Prof’s Work in Mali Making Headlines

March 01, 2012 - In the News

University of Guelph food science professor Massimo Marcone just returned from Mali, West Africa, and is sharing his story about the pending food crisis and how he is trying to help.

Marcone was featured on CHCH News Tuesday and CTV News Wednesday. He was also interviewed by Wei Chen, host of CBC Radio's Ontario Morning program. (podcast available here; scroll to March 5).

He was in Mali on a fact-finding mission with World Vision Canada to see if he can lend his expertise. The combination of low rainfall, rising food prices and declining food supplies is taking a severe toll on the region. As a result, 13 million of the poorest people in Mali, Niger, Mauritania and Chad are struggling.

Marcone said the food supply will likely run out in the next seven or eight months. “There are many complicated factors that contribute to this, but the food crisis is imminent.”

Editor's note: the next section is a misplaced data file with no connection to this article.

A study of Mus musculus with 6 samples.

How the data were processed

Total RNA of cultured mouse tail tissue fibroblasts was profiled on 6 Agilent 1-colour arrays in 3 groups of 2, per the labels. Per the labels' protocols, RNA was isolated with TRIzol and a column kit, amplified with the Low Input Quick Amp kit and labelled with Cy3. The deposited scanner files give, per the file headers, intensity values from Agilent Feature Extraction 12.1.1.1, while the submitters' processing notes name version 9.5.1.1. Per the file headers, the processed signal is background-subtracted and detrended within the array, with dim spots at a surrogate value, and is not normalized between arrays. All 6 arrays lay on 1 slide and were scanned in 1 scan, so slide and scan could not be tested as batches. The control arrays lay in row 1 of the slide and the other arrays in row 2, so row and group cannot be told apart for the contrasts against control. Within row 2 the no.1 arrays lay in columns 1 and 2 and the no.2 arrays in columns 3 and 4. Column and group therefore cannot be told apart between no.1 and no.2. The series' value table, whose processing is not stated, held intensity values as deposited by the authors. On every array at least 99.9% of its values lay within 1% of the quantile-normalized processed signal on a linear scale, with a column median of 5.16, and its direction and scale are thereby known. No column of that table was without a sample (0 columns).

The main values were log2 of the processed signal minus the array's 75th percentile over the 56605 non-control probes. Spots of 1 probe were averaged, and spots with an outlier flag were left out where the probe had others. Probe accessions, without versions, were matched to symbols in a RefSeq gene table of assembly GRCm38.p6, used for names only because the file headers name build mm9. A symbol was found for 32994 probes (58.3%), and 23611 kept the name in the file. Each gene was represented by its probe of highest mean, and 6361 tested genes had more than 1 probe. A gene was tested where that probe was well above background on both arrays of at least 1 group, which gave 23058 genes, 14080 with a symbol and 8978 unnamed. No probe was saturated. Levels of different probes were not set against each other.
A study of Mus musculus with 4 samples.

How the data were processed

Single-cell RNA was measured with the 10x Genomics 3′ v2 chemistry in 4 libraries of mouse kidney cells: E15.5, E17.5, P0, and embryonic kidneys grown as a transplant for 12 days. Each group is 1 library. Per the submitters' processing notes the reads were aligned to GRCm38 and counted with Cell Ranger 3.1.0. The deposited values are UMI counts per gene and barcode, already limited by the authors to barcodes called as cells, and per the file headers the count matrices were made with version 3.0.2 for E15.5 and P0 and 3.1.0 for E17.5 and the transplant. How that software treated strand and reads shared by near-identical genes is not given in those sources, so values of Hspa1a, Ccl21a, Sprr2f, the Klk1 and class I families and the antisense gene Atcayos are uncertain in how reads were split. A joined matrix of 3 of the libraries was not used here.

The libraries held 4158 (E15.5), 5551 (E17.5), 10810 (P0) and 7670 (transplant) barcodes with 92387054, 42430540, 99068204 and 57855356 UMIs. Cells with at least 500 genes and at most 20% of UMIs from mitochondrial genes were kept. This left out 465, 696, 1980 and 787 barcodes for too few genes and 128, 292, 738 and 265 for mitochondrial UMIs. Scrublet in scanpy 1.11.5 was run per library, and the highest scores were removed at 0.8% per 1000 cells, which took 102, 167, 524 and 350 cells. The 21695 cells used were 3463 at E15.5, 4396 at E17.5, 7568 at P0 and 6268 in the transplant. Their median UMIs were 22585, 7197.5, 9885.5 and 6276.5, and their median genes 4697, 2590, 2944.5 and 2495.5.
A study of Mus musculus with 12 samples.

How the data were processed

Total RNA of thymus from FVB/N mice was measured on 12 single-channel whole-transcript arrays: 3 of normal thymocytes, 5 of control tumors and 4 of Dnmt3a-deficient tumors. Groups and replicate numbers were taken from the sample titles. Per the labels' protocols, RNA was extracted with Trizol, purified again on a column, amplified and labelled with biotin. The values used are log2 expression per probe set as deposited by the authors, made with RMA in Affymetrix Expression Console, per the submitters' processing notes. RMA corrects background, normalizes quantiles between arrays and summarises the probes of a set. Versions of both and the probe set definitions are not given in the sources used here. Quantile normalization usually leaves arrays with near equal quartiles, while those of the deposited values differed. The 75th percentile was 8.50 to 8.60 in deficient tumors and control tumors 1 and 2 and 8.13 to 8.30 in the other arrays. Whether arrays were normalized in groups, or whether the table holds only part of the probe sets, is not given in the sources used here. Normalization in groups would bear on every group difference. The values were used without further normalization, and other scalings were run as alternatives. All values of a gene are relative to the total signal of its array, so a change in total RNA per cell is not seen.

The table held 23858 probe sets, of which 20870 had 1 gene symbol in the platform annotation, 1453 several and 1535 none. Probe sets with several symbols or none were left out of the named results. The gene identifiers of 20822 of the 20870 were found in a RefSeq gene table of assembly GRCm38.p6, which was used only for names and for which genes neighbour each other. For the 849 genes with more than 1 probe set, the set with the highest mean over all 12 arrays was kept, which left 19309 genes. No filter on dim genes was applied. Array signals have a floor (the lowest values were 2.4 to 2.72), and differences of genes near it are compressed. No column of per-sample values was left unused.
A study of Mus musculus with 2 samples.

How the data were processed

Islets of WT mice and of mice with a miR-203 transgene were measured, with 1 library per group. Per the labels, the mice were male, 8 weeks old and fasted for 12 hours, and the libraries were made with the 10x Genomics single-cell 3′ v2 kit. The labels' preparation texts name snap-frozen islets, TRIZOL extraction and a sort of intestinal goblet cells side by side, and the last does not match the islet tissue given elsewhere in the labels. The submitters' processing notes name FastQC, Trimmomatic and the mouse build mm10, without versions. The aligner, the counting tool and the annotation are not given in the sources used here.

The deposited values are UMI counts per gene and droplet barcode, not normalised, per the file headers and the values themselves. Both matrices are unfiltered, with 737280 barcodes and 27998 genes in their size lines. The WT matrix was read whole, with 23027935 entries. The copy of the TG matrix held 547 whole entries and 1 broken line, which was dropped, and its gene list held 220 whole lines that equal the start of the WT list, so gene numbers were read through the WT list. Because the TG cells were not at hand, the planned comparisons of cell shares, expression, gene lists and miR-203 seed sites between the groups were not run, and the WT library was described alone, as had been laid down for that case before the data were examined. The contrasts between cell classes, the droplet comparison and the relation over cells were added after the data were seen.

He is interested in looking at alternative food sources that can be used during times of food insecurity to provide emergency sources of nutrition. While in Mali, Marcone met with local farmers and with community leaders to discuss potential food options. He identified two underutilized plants that could be used as food sources during emergencies: drumstick tree and the monkey-bread tree (also known as baobab), which produce highly nutritious leaves and fruit.

Marcone brought samples back with him to Guelph. In his lab at U of G he will be looking to see whether these plants, grown under extreme stress in low-water conditions, contain the necessary nutrients to help stave off malnutrition. He'll also examine whether the plants should be grown in larger numbers to serve as potential emergency food sources during future periods of food insecurity.